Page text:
How to Choose Snow Tires — And Why You Shouldn’t

For most drivers the best snow tire to buy is an all-season tire, not a snow tire, because the right all-season tire will give you better stopping and cornering on wet pavement and dry while also giving you good enough snow traction. If you’re dead set on getting true snow tires, this article is going to challenge your beliefs.

At the current state of tire-design science, it just is not possible to make a snow tire that will grip non-snow-covered wet or dry pavement as well as the best all-season tire.  Yet it is possible to design an all-season tire with very good snow traction as well as very good stopping and cornering ability on wet or dry pavement that is not covered with snow.   This has been proven in scientific testing at Consumer Reports test tracks.  Think about what is important to you:   Having the grip on the pavement that will allow you to stop more quickly could save your life and the lives of your passengers, pedestrians and other drivers.   The same is true for better cornering traction.    The traction that could enable you to maintain control during an emergency lane change, to avoid crashing into something, could prevent death or injury.  But snow tires all have inferior gripping ability on non-snowy pavement in comparison to the pavement grip of excellent all-weather tires.

“But I don’t want to get stuck in the snow,” you may be thinking, “I need excellent snow traction!”   Well, you can get very good snow traction with a few models of all-season tires, while still getting a tire that will give you very good traction on non-snowy wet or dry pavement.  You just need to find out which models of all-season tires have those qualities, and the next article will tell you how to find such tires.    You need this information, because many popular all-season tires do NOT perform well in snow.

There is just no substitute for scientific test results in choosing a tire. No recommendation from a friend or user review online is going to reliably tell you which tire stops the quickest on wet pavement, or on ice, or has the best snow traction. These things can be easily measured, but it takes side-by-side testing with accurate objective measuring of results. Anything else is just vague impressions, folk wisdom, hearsay or hype.

Consider getting all-season tires and then carrying a traction-aid like tire chains or the AutoSock in your trunk for short-term use in extreme bad conditions. Take a look on Amazon to learn about this option:

When I showed the first few paragraphs of this article to my sister who lives in Canada, she immediately opposed my point of view: “If you live up here you should choose snow tires!” she exclaimed and you may have thought the same thing. But, in Canada or anywhere else there is snow, you don’t need snow tires, you need tires that are good in snow and that’s not necessarily the same thing. Consumer Reports tests of snow tires (winter tires) and all season tires found some all season tires are as good in snow traction as most snow tires (Example: Hankook Optimo H727), and one winter tire was terrible in snow (Hankook Icebear W300). More important, CR found none of the winter tires were good at dry pavement braking, while some of the all season tires were very good at this, and many of the winter tire scored poorly on wet pavement. Think about it: What happens in the winter? It snows, and during at least that first day after a snow storm you need good snow traction, but pretty soon at least the major roads are clear of snow, but wet, and then you need good wet pavement traction, and then the roads dry and you need good dry pavement traction for emergency stops and avoidance maneuvers. So, your tires for the winter need to be good at all three and “winter tires” per se are not. Another important message from these tests is this: No category like “winter” or “all season” by itself predicts performance and neither does the brand. I just cited 2 examples of Hankook tire models, one that scored very well and another that scored poorly, so if you only went shopping for “Hankook” and not a specific model of tire, you would be getting potluck.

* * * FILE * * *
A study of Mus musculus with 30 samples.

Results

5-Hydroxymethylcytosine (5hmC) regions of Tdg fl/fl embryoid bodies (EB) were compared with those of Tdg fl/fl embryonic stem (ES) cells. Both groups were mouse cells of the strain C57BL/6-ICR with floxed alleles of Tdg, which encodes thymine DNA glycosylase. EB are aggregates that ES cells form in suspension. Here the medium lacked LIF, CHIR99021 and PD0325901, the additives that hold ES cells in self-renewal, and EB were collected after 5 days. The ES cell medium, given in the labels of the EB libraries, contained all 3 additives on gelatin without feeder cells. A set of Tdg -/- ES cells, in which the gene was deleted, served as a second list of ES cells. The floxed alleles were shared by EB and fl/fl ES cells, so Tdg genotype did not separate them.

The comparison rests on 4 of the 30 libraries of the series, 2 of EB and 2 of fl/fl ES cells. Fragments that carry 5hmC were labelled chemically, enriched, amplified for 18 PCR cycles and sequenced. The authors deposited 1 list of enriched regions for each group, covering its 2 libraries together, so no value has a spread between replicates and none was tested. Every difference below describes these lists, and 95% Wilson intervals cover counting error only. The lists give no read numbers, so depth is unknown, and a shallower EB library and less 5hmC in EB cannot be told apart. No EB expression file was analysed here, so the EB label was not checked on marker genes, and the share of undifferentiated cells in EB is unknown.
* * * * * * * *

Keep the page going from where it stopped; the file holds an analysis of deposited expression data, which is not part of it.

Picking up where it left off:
So how are you going to know which tires to buy. I strongly recommend consulting Consumer Reports tests and looking for a tire that scores very good in snow traction but also scores at least “good” in every other category of performance and “very good” in the crucial life-safety criteria like wet braking.

How can you get the Consumer Reports ratings? Nearly all public libraries have them. Or you can sign up online for a small fee and use the CR website. Some public libraries have even made arrangements so that their card holders can consult CR online for free (that’s true in my little town).

So, don’t assume you need snow tires for snow. Don’t assume any tire recommendation that isn’t based on scientific tests is valid. Don’t buy by brand name. And be very aware that good snow traction often comes at the price of poor non-snow traction and you have to have the benefit of scientific test information to know which tires combine a balanced set of strength under varying conditions. And that information is keyed to specific tire models and does not hold true for any entire brand of tire.